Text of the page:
Russia appeals to Armenia and Azerbaijan over Nagorno-Karabakh ceasefire

FILE PHOTO: Men are seen among the ruins after recent shelling during the military conflict over the breakaway region of Nagorno-Karabakh, in Stepanakert October 13, 2020. REUTERS/Stringer

(Reuters) – Russia made a new appeal to Armenia and Azerbaijan to stop fighting in and around the mountain enclave of Nagorno-Karabakh after the warring sides accused each other of fresh ceasefire violations on Wednesday.

Russian Defence Minister Sergei Shoigu made the appeal by telephone to the Azeri and Armenian defence ministers, urging the countries to “fully meet the commitments” made under the fraying humanitarian ceasefire brokered by Moscow on Saturday.

Each side denied violating the ceasefire over Nagorno-Karabakh, which is internationally recognised as part of Azerbaijan but is governed and populated by ethnic Armenians, though Azeri President Ilham Aliyev later said his country’s forces were continuing military operations.

The defence ministry in Nagorno-Karabakh accused Azeri forces of launching artillery and rocket attacks in several areas. Defence officials in the enclave said their forces had shot down an Azeri Su-25 fighter jet but Azerbaijan denied this.

Azerbaijan’s defence ministry accused Armenian forces of new attacks on Azeri army positions along the line of contact that divides the two sides, and that the Terter, Aghdam and Aghjabedi regions inside Azerbaijan were under artillery fire. The Azeri prosecutor’s office reported one new civilian death and several wounded, including Azeri journalists.

The ceasefire is buckling despite mounting calls from world powers to halt the fighting, which has killed more than 500 people since the decades-old conflict flared on Sept. 27. International groups have warned of a humanitarian crisis, with people forced from their homes and a growing COVID-19 pandemic.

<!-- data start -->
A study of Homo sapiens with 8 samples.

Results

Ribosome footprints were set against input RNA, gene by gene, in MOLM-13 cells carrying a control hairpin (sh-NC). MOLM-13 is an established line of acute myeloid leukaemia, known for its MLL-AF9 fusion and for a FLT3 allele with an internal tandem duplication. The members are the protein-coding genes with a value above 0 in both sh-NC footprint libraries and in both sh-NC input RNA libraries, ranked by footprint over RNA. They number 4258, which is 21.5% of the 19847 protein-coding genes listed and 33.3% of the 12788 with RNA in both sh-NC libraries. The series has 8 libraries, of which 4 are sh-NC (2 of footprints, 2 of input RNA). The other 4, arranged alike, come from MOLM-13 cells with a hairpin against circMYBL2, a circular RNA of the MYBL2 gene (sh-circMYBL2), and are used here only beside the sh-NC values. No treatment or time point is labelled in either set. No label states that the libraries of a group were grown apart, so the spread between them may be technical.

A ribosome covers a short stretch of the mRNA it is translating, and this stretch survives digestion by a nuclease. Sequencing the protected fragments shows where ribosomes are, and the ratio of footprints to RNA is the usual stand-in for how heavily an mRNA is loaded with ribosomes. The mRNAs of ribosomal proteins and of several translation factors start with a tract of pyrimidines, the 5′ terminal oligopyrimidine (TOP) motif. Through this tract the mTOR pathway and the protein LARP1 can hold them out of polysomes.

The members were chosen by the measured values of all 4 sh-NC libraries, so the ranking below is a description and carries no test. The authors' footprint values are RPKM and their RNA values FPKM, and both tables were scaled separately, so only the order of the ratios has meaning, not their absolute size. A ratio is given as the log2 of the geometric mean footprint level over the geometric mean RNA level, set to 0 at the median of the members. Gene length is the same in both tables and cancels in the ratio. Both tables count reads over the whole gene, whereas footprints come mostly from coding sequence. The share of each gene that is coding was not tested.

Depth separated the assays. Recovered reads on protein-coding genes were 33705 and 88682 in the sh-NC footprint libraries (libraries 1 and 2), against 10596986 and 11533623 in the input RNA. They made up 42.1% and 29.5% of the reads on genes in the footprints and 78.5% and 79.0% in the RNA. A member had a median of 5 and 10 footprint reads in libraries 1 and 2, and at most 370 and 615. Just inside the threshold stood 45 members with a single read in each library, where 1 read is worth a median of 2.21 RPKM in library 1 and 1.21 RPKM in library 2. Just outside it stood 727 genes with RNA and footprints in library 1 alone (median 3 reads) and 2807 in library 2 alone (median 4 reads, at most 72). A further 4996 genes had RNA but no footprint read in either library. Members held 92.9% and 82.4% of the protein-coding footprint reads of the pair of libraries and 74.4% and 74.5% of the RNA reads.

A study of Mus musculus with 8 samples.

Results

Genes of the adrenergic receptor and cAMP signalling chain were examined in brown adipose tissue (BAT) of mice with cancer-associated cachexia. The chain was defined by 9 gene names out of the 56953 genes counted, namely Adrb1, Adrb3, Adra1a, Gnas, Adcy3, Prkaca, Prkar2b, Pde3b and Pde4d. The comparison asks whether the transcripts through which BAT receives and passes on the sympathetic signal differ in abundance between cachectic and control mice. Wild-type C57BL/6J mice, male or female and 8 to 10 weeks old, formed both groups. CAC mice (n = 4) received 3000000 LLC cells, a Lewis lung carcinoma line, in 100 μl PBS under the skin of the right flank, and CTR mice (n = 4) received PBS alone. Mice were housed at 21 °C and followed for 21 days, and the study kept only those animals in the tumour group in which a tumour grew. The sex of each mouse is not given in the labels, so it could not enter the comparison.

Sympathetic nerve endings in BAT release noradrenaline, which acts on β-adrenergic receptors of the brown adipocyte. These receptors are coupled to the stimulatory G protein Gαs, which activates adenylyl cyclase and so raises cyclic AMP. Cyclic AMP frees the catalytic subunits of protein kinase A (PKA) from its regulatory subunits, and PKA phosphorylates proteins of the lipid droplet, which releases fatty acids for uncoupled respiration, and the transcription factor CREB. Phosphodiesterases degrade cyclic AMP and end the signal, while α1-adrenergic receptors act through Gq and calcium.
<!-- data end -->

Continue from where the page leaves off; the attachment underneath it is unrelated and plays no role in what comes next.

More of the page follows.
The fighting is the worst since a 1991-94 war over Nagorno-Karabakh that killed about 30,000 people. It is being closely watched abroad partly over fears that Russia and Turkey could be sucked in. Russia has a defence pact with Armenia, and Turkey is allied with Azerbaijan.

In an interview with Reuters on Tuesday, Armenian Prime Minister Nikol Pashinyan accused Turkey of muscling its way into the South Caucasus region to further what he called its expansionist ambitions.

Turkey has denied this and says Armenian forces must withdraw from Nagorno-Karabakh to resolve the conflict.

The “Minsk Group” – set up by the OSCE security watchdog in 1992 to help mediate in Nagorno-Karabakh – called on the Armenian and Azeri leaders on Tuesday to implement the ceasefire to prevent “catastrophic consequences for the region”.

The 11-member group is led by the United States, Russia and France. Turkey is also a member but not involved in the Nagorno-Karabakh talks, though it has said it wants to join them.

Former U.S. Vice President Joe Biden, President Donald Trump’s Democratic rival in the Nov. 3 presidential election, expressed deep concern over the “collapse” of the ceasefire and accused the Trump administration of being “largely passive and disengaged.”

“Rather than delegating the diplomacy to Moscow, the administration must get more involved, at the highest levels,” Biden said in a statement.

Nagorno-Karabakh officials said on Tuesday 532 servicemen had been killed since fighting flared on Sept. 27. They did not immediately update the death toll on Wednesday.

The latest death reported by Azerbaijan’s prosecutor general appeared to take the toll to 43 Azeri civilian deaths since Sept. 27. Azerbaijan has not disclosed military casualties.